In light of my Aug. 7, 2015 posting about science snobbery I thought it would be nice to feature an initiative that is inclusive of science, social science, and humanities.
Three organizations covering the sciences, the social sciences, and the humanities (where are the arts?), have declared 2016 to be the International Year of Global Understanding (IYGB). A Sept. 14, 2015 International Council for Science press release (also on EurekAlert) spreads the news,
The International Council for Science (ICSU), the International Social Science Council (ISSC) and International Council for Philosophy and Human Sciences (CIPSH) jointly announced today [Sept. 13, 2015] that 2016 would be the International Year of Global Understanding (IYGU). The aim of IYGU is to promote better understanding of how the local impacts the global in order to foster smart policies to tackle critical global challenges such as climate change, food security and migration.
“We want to build bridges between global thinking and local action,” said Prof. Benno Werlen of the Friedrich Schiller University Jena, Germany. “Only when we truly understand the effects of our personal choices – for example in eating, drinking and producing – on the planet, can we make appropriate and effective changes,” said Werlen, who initiated this project of the International Geographical Union (IGU).
The press release goes on to describe the reasoning behind the declaration and to provide some examples of how understanding has helped to change behaviour,
How to translate scientific insight into more sustainable lifestyles will be the main focus of activities – research projects, educational programmes and information campaigns – for 2016. The project seeks to go beyond a narrow focus on environmental protection and climate policy and explore quality of life issues and the sustainable, long-term use of local resources.
“We live in the most interconnected world in history. Yet at the same time that world is riven by conflicts, dislocations and uncertainties – an unsettling and disturbing mixture of huge opportunities and existential risks,” said Lord Anthony Giddens, former Director of the London School of Economics, UK. “Finding a positive balance will demand fundamental intellectual rethinking and new forms of collaboration of the sort the IGYU offers” he added.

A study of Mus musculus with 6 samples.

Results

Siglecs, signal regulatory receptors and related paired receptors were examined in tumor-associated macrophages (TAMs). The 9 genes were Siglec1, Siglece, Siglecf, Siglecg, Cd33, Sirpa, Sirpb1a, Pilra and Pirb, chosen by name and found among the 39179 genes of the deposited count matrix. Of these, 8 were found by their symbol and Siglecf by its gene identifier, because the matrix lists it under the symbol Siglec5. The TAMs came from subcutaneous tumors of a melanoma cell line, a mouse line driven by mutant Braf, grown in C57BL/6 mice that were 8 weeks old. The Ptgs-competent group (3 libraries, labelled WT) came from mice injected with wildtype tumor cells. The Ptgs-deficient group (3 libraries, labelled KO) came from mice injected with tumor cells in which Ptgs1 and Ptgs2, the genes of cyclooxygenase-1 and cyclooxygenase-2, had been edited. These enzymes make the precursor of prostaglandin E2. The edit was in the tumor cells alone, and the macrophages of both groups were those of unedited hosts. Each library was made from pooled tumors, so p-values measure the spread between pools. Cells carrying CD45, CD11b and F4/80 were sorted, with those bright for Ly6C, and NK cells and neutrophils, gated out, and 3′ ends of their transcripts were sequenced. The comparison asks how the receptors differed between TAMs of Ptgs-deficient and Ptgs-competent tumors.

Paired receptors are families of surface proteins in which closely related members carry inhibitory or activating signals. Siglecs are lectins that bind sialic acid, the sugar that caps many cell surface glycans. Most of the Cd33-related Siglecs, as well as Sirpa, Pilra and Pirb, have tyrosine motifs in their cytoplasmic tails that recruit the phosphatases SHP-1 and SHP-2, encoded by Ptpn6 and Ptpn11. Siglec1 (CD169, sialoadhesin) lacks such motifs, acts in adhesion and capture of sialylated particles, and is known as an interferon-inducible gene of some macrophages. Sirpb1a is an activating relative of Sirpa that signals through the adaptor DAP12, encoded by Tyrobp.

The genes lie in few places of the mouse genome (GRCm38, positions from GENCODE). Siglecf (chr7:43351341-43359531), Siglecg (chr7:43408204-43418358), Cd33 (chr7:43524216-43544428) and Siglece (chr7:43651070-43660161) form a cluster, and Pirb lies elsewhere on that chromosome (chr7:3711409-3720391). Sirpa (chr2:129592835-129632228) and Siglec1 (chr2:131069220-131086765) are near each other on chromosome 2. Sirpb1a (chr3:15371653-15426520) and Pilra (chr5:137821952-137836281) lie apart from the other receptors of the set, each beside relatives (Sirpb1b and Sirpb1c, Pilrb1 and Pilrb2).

“Sustainable development is a global challenge, but solving it requires transforming the local – the way each of us lives, consumes, and works. While global negotiations on climate attack the sustainability crisis from above, the IYGU complements them beautifully with coordinated solutions from below – by getting individuals to understand and change their everyday habits. This twin approach elevates our chance of success against this crisis, the gravest humanity has ever seen,” said former ICSU President and Nobel Laureate Yuan-Tseh Lee.
For example, on each day in 2016, the IYGU will highlight a change to an everyday activity that has been scientifically proven to be more sustainable than current practice. Primers on everyday life which take cultural diversity and local practice into account will be compiled and distributed. “Now more than ever it is vital that we find the strength to understand and relate to the positions, thoughts, and expectations of others and seek dialogue instead of confrontation,” said Professor Klaus Töpfer, Executive Director of the Institute for Advanced Sustainability Studies (IASS).
It is hoped that this focus on tangible, local action will generate ideas for research programmes and school curricula, as well as highlight best practice examples. Wherever possible, activities will be communicated in several languages. Using this bottom-up approach, the IYGU hopes to support and extend the work of initiatives such as Future Earth, the UN’s Post-2015 Development Agenda, and the UN Decade of Education for Sustainable Development.
“In Rwanda, environmental pollution through plastic litter was a widespread and intractable problem. Ultimately, the insight that plastic is harmful to ruminant animals, in particular cows, turned the tide in favor of environmental legislation. This led to a ban on plastic items that could cause litter. Today you’d be hard pressed to find plastic polluting public areas in Rwanda,” said Werlen.
The involvement of the ISSC, ICSU and CIPSH in IYGU underwrites broad collaboration across the natural and social sciences and the humanities, from across disciplinary boundaries and from all around the world.
In 2016, the IYGU program will be coordinated by about 50 Regional Action Centers. This network is currently being established and cities such as Tokyo. Washington, Sao Paulo, Tunis, Moscow, and Rome, while Beijing, Mexico City, Maçao/Coimbra, Nijmegen, Hamilton, Bamako and Kigali are confirmed as hosts of such Centers with their regional to continental reach. The IYGU General Secretariat in Jena, Germany coordinates these Regional Action Centers.
You can find more about the 2016 International Year of Global Understanding here where you’ll see some Canadian participation in the person of Gordon McBean (Nobel Prize Laureate for Peace (IPCC), President of ICSU and Council for Future Earth, and professor at the University of Western Ontario).